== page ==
The climate crisis is changing the appearance of male dragonflies – and how they find their mates, according to a new study.
Typically, male dragonflies have ornamental black patterns on their wings to attract mates and intimidate rivals.
While the black pigmentation helps male dragonflies find mates and defend against rivals, it also makes them significantly hotter — up to 2 degrees Celsius warmer. The overheating causes damage to their wings, reduces their ability to fight and can even lead to death, according to The Guardian.
“One of biology’s most pressing goals is to understand how organisms adapt to their climates,” researchers write. “Here, we show that dragonflies consistently adapt to warmer climates across space and time by evolving less male melanin ornamentation.”
Researchers used a database that included more than 300 dragonfly species, information about their location and climate, and compared the wing colors of almost 3,000 dragonflies from different species, according to The Guardian.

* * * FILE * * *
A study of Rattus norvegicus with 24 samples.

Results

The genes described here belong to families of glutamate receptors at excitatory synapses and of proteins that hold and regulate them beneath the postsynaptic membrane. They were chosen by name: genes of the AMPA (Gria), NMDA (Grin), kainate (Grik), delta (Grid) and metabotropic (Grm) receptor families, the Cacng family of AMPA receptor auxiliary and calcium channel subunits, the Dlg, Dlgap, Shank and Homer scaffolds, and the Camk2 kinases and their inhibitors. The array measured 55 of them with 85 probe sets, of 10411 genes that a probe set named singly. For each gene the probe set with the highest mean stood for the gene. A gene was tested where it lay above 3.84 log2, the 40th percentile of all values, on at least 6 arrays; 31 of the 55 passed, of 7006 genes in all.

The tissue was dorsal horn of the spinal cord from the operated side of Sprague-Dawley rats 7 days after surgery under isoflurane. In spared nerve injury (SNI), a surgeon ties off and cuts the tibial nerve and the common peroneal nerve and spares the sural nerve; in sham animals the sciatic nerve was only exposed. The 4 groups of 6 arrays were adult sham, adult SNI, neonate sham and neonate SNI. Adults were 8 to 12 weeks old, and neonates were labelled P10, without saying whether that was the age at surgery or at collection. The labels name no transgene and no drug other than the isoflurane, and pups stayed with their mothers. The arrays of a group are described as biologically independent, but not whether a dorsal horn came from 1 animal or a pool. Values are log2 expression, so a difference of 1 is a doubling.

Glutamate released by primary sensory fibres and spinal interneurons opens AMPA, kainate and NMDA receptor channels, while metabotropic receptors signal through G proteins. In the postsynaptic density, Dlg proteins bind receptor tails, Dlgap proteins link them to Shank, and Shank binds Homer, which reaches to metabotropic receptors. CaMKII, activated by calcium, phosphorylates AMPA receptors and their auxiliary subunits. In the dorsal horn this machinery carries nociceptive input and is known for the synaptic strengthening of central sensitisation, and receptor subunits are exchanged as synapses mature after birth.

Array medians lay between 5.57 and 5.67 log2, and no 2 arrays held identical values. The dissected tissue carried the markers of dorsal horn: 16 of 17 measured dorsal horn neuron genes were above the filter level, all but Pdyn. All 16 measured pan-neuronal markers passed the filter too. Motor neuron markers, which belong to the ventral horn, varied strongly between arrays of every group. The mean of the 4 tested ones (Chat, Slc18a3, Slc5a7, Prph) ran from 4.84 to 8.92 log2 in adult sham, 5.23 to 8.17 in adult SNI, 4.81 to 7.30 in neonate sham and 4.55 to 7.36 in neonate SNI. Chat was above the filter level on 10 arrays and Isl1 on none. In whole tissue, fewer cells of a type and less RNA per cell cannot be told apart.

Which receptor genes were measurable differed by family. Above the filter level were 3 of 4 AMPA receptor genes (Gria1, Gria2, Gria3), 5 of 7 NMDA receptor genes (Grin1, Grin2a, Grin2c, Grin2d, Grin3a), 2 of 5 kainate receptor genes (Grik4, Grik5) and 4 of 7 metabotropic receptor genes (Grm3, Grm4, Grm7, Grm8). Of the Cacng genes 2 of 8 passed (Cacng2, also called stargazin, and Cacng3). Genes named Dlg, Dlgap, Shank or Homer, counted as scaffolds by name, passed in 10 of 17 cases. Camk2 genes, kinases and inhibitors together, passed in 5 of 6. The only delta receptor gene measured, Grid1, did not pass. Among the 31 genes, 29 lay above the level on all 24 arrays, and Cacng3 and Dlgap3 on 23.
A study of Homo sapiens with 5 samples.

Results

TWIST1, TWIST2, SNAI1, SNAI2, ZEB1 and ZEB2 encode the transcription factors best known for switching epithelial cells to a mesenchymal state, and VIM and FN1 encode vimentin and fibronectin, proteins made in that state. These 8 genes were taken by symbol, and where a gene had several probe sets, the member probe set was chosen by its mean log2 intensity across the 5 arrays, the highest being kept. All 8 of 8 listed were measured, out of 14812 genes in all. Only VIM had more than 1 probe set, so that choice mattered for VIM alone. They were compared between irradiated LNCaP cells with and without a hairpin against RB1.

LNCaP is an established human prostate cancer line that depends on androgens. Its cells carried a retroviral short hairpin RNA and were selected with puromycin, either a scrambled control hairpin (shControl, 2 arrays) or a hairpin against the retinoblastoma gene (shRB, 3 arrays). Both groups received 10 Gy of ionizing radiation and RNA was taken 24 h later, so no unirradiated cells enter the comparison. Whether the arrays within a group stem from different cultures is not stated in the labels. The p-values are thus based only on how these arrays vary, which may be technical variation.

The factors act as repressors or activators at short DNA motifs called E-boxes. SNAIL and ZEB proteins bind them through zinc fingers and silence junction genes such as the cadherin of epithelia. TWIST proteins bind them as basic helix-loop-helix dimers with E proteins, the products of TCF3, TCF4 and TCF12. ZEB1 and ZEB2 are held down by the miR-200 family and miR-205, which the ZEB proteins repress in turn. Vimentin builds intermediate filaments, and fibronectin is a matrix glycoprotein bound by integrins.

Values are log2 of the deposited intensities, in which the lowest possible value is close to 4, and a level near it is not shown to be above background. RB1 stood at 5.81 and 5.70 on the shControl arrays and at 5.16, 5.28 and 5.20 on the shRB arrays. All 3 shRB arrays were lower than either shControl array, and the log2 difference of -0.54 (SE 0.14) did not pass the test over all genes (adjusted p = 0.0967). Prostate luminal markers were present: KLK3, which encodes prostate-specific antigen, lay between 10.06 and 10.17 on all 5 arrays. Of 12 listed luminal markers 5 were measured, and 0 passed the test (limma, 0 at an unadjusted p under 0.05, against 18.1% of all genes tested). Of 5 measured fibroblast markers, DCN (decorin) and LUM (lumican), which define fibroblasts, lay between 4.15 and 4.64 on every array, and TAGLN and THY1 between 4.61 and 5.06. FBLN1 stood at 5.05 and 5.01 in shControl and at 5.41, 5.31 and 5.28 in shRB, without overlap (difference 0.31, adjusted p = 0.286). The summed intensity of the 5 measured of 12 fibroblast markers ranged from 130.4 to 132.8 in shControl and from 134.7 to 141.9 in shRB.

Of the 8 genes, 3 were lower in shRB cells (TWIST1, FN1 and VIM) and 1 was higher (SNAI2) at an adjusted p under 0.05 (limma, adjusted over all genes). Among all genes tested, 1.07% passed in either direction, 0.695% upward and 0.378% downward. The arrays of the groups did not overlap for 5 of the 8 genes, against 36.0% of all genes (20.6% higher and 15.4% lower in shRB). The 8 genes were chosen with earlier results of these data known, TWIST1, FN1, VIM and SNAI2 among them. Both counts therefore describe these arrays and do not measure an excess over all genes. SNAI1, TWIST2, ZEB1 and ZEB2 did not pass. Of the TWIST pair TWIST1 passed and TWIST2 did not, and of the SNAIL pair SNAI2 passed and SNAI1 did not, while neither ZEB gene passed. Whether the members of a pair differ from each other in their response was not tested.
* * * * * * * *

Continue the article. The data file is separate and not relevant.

They then compared the color of wings of dragonflies that were born in hotter or colder climates and found that warmer temperature dragonflies were evolving with less black wing decoration.
“It seems to be a really consistent way that dragonflies adapt to living in different climates,” Michael Moore evolutionary biologist at the Washington University, St. Louis, told The Guardian. “That’s really exciting because it’s one of the most consistent evolutionary responses that we see to any kind of environment for any sort of mating-related trait, in any kind of animal.”
Saint Louis University professor Kasey Fowler-Finn says these findings are unique in that they show how sexually selected traits, which are primarily thought of in terms of helping reproduction, are actually evolving so the species can survive under the climate crisis, The Guardian reports.
“Our research suggests that this could be a really beneficial way that they could adapt,” Moore told The Guardian. “And that it seems quite plausible that they might continue to evolve in this way.”